The idea that antibiotics may cause breast cancer was first given a lot of attention upon publication of a 2004 study that reported a connection between the two. The study was roundly criticized by other researchers at the time for its lack of control for other patient characteristics known to contribute to breast cancer risk.
Studies published since then have reported inconsistent results. Some very large population studies have been undertaken to try to settle this question. The prescription and cancer databases that facilitate such large studies are typically not able to provide data concerning confounding factors for the subjects. Therefore, it is possible that the use of antibiotics simply reflects health deficits such as chronic inflammation, chronic infection, or a weakened immune system that in themselves increase breast cancer risk. However, available evidence suggests on balance that some antibiotics might promote breast cancer in some women. For example, a 2022 study reported that higher numbers of antibiotic prescriptions and different antibiotics prescribed both were linked to increased breast cancer-specific mortality among women with triple negative (ER-/PR-/HER2-) breast cancer.

Some antibiotics have been linked to increased breast cancer risk

The following antibiotics and antifungals have been found to be associated with increased breast cancer rates in at least one study:
  • Cephalosporins such as Keflex (cephalexin)
  • Cipro (ciprofloxacin)
  • Flagyl (metronidazole)
  • Garamycin (gentamicin)
  • Grisovin (griseofulvin)
  • Nitrofurans such as Macrobid
  • Penicillins
  • TMP/SMX drugs such as Septra or Bactrim (trimethoprim/sulfamethoxazole or cotrimoxazole)
  • Tetracyclines such as Sumycin, Terramycin, Tetracyn, and Panmycin.
Avoiding these antibiotics would not solve the problem for breast cancer survivors since some studies have increased risk for antibiotic exposure generally without specifying particular brands or classes of antibiotics. Also, different studies link different antibiotics to breast cancer risk, which makes it hard to justify making recommendations.
Future studies might produce more specific and definitive results concerning individual antibiotics and breast cancer risk by subtype, age of diagnosis or other characteristics. In the mean time, we suggest making every effort to avoid long-term antibiotic use for less serious conditions such as acne and rosacea. Generally speaking, topical antibiotics (if effective for a given condition) are preferable to oral antibiotics.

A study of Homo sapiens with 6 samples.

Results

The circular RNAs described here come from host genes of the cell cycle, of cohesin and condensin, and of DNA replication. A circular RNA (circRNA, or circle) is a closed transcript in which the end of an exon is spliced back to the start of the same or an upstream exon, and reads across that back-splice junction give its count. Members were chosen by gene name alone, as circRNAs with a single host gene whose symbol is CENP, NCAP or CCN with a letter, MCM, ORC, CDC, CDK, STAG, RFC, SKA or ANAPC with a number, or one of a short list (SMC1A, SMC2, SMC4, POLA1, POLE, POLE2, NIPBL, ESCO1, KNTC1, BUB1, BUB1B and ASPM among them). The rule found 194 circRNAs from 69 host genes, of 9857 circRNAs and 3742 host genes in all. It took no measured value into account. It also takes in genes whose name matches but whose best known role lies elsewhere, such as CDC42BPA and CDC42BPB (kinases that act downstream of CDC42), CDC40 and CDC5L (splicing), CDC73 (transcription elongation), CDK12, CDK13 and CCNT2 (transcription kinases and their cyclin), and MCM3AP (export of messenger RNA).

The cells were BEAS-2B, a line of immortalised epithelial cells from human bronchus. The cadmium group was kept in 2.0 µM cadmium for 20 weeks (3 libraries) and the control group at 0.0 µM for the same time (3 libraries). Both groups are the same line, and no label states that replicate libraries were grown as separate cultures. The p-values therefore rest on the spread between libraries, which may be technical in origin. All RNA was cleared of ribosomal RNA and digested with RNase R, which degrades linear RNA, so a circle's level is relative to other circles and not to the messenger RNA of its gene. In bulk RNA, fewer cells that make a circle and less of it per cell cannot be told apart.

Possible reasons for link between antibiotics and breast cancer

Several explanations have been proposed for the possible connection between antibiotic use and breast cancer. Antibiotics affect multiple organs, not just the bacteria they are intended to combat. Antibiotics reduce the diversity of intestinal microflora and may interfere with the ability of such microflora to metabolize plant phytochemicals into compounds that protect against cancer. Antibiotic use also affects the immune system and inflammation in ways that may increase breast cancer risk. In addition, antibiotics have been shown to disturb bone metabolism, with unknown effects on the potential to develop bone metastases.
There is also evidence that antibiotics may affect breast tissue directly. Breast tumor tissue and paired normal adjacent tissue from the same women using antibiotics have been found to contain different types and levels of bacteria. The total bacterial DNA load has also been found to be reduced in tumor versus paired normal tissue in antibiotic users.
A study of mice that spontaneously develop mammary tumors that overexpress HER-2/neu (HER2+) found that mice administered either Garamycin or a combination of Cipro and Flagyl developed more tumors than similar untreated mice. The mammary glands of the mice who were treated were found to have more numerous and more developed terminal ductal lobular units than control mice. This suggests that the breasts themselves may be altered by antibiotic exposure.

Antibiotics in food

Antibiotics are routinely administered to livestock (including poultry) and farmed fish to help reduce infections in the crowded conditions in which they are raised. Milk typically contains measurable quantities of antibiotics. Based on other evidence concerning these foods and the risk of breast cancer, beef, pork, lamb, and milk should be avoided, and organic rather than non-organic chicken (and other poultry) should be purchased, if possible. Wild caught salmon and other fatty fish are preferable to farm raised fish because they normally have higher omega-3 content, in addition to not having been raised using antibiotics and pesticides.

Bottom line

Based on the available evidence, we conclude that the association between overall antibiotic use and breast cancer is not strong and causality has not been shown. Women should continue to follow the prevailing medical advice to limit antibiotic use to when it is strictly medically necessary and to complete any course of antibiotics once it has been started. Serious infections can be deadly or cause permanent injury and should be treated appropriately.

Sources of information in this webpage

The information above, which is updated continually as new research becomes available, has been developed based solely on the results of academic studies. Clicking on any of the underlined terms will take you to its tag or webpage, which contain more extensive information.
Below are links to 20 recent studies concerning this topic. For a more complete list of studies, please click on antibiotics.